Juniper Dunes getting restroom facilities


By Joe Chapman, Herald staff writer
There's no sanctioned way to get to the Juniper Dunes area, but once you're there you'll soon have some place where you can, well, go.
The federal government has owned the area for as long as it's been in the United States, but come June, for the first time, it'll have a permanent toilet. The Bureau of Land Management plans to install at least one, possibly two, vault restroom buildings on the site.
Until now, the bureau hasn't put anything more than a few kiosks and trail markers in the 19,000-acre Juniper Dunes area. BLM has contingency plans for installing picnic tables, shelters, grills and trash cans, but it won't move on any of those improvements as long as road access to the dunes is an unresolved issue.
"That would look like we were really trying to ... attract more visitors," said Mike Shannahan, BLM ranger. "So it is politically sensitive. But we're adding the toilets because that's for sanitation."
Without doing anything to "attract more visitors," the dunes already draw throngs of visitors who find it an appealing place to ride off-road vehicles and horses, hike and camp.
The dunes average 1,000 visitors each weekend from September to May, tapering off during the hottest months of the year. Last weekend, about 1,200 people, maybe more, were out there, Shannahan estimated.
Most of them enter the area by taking Peterson Road four miles north from Pasco-Kahlotus Road. But the road is privately owned and maintained, and there have been occasional controversies in the past when one or more of the owners have cut off public access.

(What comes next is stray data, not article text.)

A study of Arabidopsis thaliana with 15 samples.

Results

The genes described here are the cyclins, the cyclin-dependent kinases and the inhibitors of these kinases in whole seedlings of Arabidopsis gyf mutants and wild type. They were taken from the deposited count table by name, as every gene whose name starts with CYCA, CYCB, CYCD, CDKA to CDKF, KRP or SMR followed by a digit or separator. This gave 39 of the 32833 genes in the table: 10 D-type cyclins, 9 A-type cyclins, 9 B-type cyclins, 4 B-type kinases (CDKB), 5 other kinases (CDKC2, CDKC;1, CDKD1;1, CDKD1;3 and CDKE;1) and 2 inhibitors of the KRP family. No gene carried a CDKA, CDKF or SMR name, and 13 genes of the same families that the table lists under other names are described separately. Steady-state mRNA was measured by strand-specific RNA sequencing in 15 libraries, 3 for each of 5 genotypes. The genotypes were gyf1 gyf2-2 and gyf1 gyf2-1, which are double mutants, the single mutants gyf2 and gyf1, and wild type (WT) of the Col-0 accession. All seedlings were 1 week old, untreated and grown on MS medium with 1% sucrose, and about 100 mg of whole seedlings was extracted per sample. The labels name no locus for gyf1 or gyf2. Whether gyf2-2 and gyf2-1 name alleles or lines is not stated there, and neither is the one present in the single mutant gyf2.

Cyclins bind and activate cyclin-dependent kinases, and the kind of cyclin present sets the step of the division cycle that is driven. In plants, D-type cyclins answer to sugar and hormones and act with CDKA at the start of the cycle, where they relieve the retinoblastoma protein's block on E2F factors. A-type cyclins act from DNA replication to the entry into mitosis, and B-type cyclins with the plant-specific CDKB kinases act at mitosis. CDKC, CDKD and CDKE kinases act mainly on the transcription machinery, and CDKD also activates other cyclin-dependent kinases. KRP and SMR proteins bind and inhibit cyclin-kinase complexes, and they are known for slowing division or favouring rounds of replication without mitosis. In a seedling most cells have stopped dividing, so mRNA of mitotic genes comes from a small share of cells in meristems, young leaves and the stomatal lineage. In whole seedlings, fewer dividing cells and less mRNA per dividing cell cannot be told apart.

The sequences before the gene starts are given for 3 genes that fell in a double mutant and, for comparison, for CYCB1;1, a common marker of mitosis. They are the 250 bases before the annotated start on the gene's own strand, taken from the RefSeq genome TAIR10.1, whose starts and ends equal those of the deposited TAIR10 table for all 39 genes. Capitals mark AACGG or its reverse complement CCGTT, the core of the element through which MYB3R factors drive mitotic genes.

Although the road's status hasn't stopped the traffic, visitors to the dunes would welcome Franklin County or the federal government following through with proposals to buy or reconstruct the road.
It was recently graded but still has a few bumps and dips. And, perhaps ironically, Juniper Dunes off-roaders like a smooth road for hauling their equipment in.
"They oughta just try to get somebody to fix the road coming in here -- jeez," said Cameron Murphy, 32, of Pendleton, who was riding off-road motorcycles and four-wheelers with friends Friday afternoon.
He'd bought a 2006 Yamaha 250 a week earlier and was visiting Juniper Dunes for the first time in 10 years, he said.
"I love it. There's a lot more trails than there ever used to be," he said.
Riders young and old alike can lose themselves in the trails between the sagebrush bushes for quite a while, exploring about 4,500 acres in the western portion of the dunes where off-road vehicles are allowed. The eastern portion of the BLM land is designated wilderness where vehicle access is prohibited.
Visitors are just required to follow a few key rules, such as wearing helmets and making sure any vehicle that goes off the main road has a whip mast and safety flag to increase its visibility. Vehicles also are supposed to have spark arrestors on their exhaust systems to prevent brush fires and valid license plates or registration tabs.
Children must have adult supervision to ride.
In the 19 years Shannahan has patrolled Juniper Dunes, there hasn't been a fatal accident that he knows of. But in a high-risk activity like riding off-road vehicles, accidents can happen even to those being careful.
A rider who broke his neck April 2 was airlifted out but was fortunate not to be paralyzed, Shannahan said.
Although not legally required, it's also a very good idea not to ride alone, he said.
BLM rangers, state Fish & Wildlife officers and Franklin County sheriff's deputies routinely patrol for alcohol violations such as driving while intoxicated and underage drinking.
Congress designated a portion of Juniper Dunes a national wilderness in 1984. Its name comes from being the northernmost place in the country where juniper trees and sand dunes mix.